I write about bringing life to work and bringing work to life. Full bio
Opinions expressed by Forbes Contributors are their own.
I was a Fortune 500 HR SVP for ten million years, but I was an opera singer before I ever heard the term HR. The higher I got in the corporate world, the more operatic the action became. I started writing about the workplace for the Chicago Sun-Times in 1997, but it took me ages to find my own voice. Now I write for the Huffington Post, Business Week, LinkedIn, the Harvard Business Review, the Denver Post and Forbes.com and lead the worldwide Human Workplace movement to reinvent work for people. Stop by and join us: http://www.humanworkplace.com
The author is a Forbes contributor. The opinions expressed are those of the writer.
Your next manager doesn’t know you yet. Your Human-Voiced Resume will be your possible next manager’s introduction to you. Why not put your biggest triumphs out there in order to start a conversation?
Once you’re in the job interview you can be sure to say “Of course, that project was a team effort.” Everyone knows that anyway, but if it makes you feel better you can say it one more time!
I’m Done With That Kind of Work
Even if you’re no longer in the field where you had your biggest career wins, aspects of each of them can make a hiring manager’s heart beat faster. Think about the ‘right-brain relevance’ of your career accomplishments to the new managers you’re approaching.
Maybe the function and the industry are different, but certain key themes — saving a huge customer, pushing an idea to fruition against bureaucratic resistance, or teaching people to do something they’d never done before — will resonate with any manager in pain.
Your proudest Dragon-Slaying Stories from industries and functions you left long ago are still powerful indicators of your abilities. Don’t hide them under a bushel!
It Was So Long Ago
Can you include a Dragon-Slaying Story in your resume if it happened at job that no longer appears in the resume? Of course you can! Tell that Dragon-Slaying Story in the Summary at the top of your Human-Voiced Resume. Here’s how that might look in the Human-Voiced Resume Summary for a job-seeker, Patricia:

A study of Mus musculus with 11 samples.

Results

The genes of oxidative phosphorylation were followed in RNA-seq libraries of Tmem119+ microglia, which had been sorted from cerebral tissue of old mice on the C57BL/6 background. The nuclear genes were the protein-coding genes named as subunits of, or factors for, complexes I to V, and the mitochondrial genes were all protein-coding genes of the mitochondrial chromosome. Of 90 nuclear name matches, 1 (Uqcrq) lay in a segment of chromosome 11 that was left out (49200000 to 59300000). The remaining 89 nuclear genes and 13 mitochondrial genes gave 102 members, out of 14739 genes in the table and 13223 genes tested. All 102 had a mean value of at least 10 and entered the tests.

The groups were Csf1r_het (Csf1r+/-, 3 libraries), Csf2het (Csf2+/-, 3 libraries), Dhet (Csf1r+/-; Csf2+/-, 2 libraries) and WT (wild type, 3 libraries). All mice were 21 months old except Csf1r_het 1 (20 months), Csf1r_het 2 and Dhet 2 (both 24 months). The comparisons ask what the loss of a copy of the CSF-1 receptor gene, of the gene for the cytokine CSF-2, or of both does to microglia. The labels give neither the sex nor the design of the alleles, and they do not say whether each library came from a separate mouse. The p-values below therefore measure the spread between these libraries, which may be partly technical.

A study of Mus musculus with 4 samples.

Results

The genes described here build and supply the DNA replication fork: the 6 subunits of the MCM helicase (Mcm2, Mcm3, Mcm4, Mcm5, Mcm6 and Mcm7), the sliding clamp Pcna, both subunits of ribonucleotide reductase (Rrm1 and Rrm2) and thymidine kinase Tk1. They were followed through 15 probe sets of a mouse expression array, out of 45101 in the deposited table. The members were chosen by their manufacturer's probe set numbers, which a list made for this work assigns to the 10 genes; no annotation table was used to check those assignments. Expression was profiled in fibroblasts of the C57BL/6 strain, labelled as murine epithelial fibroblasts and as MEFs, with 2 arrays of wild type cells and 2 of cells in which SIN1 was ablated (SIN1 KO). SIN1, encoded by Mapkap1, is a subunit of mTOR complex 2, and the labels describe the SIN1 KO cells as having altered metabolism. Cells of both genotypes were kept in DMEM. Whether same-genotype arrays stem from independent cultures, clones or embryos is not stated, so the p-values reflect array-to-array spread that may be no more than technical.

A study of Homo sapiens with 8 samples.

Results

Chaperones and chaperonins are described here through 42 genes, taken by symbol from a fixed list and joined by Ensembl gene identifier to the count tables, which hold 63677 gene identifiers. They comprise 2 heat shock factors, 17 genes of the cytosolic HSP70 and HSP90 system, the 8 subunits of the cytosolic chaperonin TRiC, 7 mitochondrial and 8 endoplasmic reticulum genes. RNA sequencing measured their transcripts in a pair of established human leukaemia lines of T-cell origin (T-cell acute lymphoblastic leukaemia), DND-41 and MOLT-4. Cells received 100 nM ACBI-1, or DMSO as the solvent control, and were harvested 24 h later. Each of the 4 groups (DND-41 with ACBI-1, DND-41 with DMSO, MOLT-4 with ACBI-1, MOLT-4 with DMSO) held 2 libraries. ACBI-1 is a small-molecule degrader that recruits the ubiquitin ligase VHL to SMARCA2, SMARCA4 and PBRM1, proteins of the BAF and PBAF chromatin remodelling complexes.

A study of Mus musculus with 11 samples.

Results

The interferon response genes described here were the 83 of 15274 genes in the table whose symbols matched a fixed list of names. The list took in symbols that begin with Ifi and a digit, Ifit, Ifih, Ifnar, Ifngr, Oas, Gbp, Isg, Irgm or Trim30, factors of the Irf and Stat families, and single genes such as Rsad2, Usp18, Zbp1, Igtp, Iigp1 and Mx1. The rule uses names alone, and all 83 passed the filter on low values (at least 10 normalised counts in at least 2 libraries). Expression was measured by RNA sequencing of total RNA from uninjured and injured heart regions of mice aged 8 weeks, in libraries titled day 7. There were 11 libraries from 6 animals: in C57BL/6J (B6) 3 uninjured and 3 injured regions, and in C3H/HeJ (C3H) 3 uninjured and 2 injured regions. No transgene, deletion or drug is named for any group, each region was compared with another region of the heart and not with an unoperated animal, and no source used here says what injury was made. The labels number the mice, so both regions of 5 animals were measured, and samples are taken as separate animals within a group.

I’m a Product Development Manager who loves to bring simple, powerful personal finance solutions to market and manage them to lead their categories. My first big launch was the private-label Visa card for Sears, which became the gold standard for retail credit card products. Now I’m looking to join a forward-looking financial services firm that sees product opportunities in its online business.
That Sears credit card was a gazillion years ago, but people in the industry still remember it. The quick mention of it in your Human-Voiced Resume Summary is a conversation starter. People in senior-level positions in Patricia’s industry are old enough to remember that Sears Visa card (we made up the example for this story) and will want to talk with Patricia about it.
Like a common interest outside of work or a common ex-employer, well-known industry stories are great ways to bond with people who don’t know you yet.
Now the Impact is Clear
We spend years in our careers doing what we’re told and what our sturdy instincts instruct us to do. Sometimes the impact of our actions isn’t obvious at the time. Now that we are older and have altitude on our paths, we can reframe our past experiences to show the power in them, even if it wasn’t clear to us when we did the work. Here’s what Joanie, aged 24, said in her resume about her three years of summer camp counselor experience:
Camp Counselor, Summers 2011 – 2013
I supervised seven-to-11-year-old campers, stayed with them in our bunk and organized their activities during the day. We did arts and crafts, canoeing, swimming, chores and hiking trips.
Now that Joanie has had time to think about those formative experiences (formative for her and the little campers, both) she has a new slant on her summer-camp experience:
Camp Counselor, Summers 2011 – 2013
As a Junior Counselor for one year and a Senior Counselor for the next two years, I taught self-confidence, conflict resolution and problem-solving skills to young campers ages 7-11 through water activities, hiking, arts and crafts and daily chores.
I Wasn’t Qualified
“I wasn’t qualified to do what I did” is a terrible reason to leave a career triumph off your resume. You weren’t qualified — but you still did it!
My Boss Considered That His Win
The last item on our list is the one that gives most job-seekers pause. Even when they did something incredible — saved the day with a huge customer, came up with an amazing product idea or devised a new process that saved time and money — they often hesitate to include the triumph on their resume if they think their boss would claim it, too.
Forget your old boss. This is your resume. It’s a new day, and if you can tell the story about how you came, saw and conquered, tell it! Your boss can tell his or her own story. Now it’s your turn!